When was the last time you had a flat tire? I'll bet for most of you it has been quite a while. I know I had a hard time recollecting my last flat as I was removing the cover of the compartment that housed my mini spare tire. Since I just encountered a puncture and this was the first time I had removed the cover, I had two concerns - that there was a tire under there and that it had air.

Prior to this, the only spare tire I was concerned about was north of my hips. I check my tires on a regular basis, but I must admit that the condition of my spare, or the possibility that I didn't even have one, was never a consideration. The advances in tire technology over the last quarter of the 20th century have eliminated many concerns drivers had about their tires. The mini spare was removed from many vehicles when first introduced. The regular spare was favored by those apprehensive about the efficacy of this solution to making cars lighter. The car companies wanted the weight reduction as they were downsizing their fleets to meet mandated miles per gallon requirements.

The mini spare gained acceptance because trunks got smaller, and with no compartment designed in, the extra tire was getting in the way of the golf clubs. Plus, with the popularity of car leasing, many people never even buy a set of replacement tires, let alone deal with a flat tire.

Now there's a push to eliminate the spare entirely, and it's coming from tire makers, not the car manufacturers. All of the major tire manufacturers have been developing tires that can withstand a puncture or a sudden loss of air. Some have been marketed. To date, there is no groundswell to eliminate the mini spare.

That's why it's interesting that Goodyear and Michelin announced that they would cooperate in developing run flat tire technology. Especially with the disinterest shown by both the consumers and the car companies, and the competitive nature of Goodyear and Michelin. Both companies have invested significant R&D in competing systems. Many times the news would be that one or both were exiting this non-profit-generating venture. It's obvious that both companies see this as an evolutionary step in the tire and believe they can accelerate the process together.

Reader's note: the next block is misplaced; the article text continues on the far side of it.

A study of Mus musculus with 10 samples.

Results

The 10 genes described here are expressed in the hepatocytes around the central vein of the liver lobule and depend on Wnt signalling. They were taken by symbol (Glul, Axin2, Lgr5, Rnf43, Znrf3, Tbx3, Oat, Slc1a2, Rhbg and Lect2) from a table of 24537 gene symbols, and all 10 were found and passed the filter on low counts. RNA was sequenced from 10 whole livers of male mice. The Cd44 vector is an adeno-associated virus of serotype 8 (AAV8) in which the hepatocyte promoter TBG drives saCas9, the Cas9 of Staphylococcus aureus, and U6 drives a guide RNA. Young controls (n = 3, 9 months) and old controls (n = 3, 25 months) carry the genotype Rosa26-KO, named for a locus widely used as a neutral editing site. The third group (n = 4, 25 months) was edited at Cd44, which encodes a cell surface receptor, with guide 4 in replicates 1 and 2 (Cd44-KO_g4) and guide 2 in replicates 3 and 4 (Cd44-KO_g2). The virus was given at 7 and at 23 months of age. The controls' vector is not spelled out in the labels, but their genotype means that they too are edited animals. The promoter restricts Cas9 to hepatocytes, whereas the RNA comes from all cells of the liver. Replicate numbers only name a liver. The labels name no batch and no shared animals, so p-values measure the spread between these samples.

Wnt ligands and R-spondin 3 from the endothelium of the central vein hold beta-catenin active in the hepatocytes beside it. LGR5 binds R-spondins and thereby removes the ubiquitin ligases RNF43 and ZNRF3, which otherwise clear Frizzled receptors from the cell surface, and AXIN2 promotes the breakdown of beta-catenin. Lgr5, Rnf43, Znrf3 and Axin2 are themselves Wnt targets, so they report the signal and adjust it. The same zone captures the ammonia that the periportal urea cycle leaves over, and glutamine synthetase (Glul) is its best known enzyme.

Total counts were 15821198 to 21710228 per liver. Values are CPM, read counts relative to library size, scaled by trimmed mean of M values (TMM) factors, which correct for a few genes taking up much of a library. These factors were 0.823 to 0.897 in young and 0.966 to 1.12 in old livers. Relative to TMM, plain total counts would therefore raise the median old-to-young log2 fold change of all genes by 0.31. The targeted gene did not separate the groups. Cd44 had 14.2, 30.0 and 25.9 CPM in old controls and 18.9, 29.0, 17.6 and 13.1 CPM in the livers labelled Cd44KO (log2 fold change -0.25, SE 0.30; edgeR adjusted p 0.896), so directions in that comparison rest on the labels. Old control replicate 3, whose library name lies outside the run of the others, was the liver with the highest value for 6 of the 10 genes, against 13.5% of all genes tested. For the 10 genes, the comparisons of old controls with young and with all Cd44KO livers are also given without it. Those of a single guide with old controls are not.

You don't have to be a seer to ascertain that this is where tires are headed. It won't be long before you'll be able to analyze almost any function of the auto from your instrument panel. This will include tire air pressure, tread depth and temperature. The computer running your suspension system will regulate tire pressure to optimize handling for certain road conditions. The smart tire will be a reality whether pushed by the consumer or the OEM.

It's a credit to the managements of Michelin and Goodyear to recognize it will be a lot easier and a lot less costly to develop this technology jointly. Cooperation like this hasn't happened in the tire industry since the synthetic robber project during WWII.
Comment:Doing the smart thing.(run flat tire technology)
Author:Smith, Don R.
Publication:Rubber World
Article Type:Brief Article
Geographic Code:1USA
Date:Jul 1, 2000
Words:514
Previous Article:Literature.
Next Article:Longwood Elastomers buys Eagle-Picher Rubber Molding.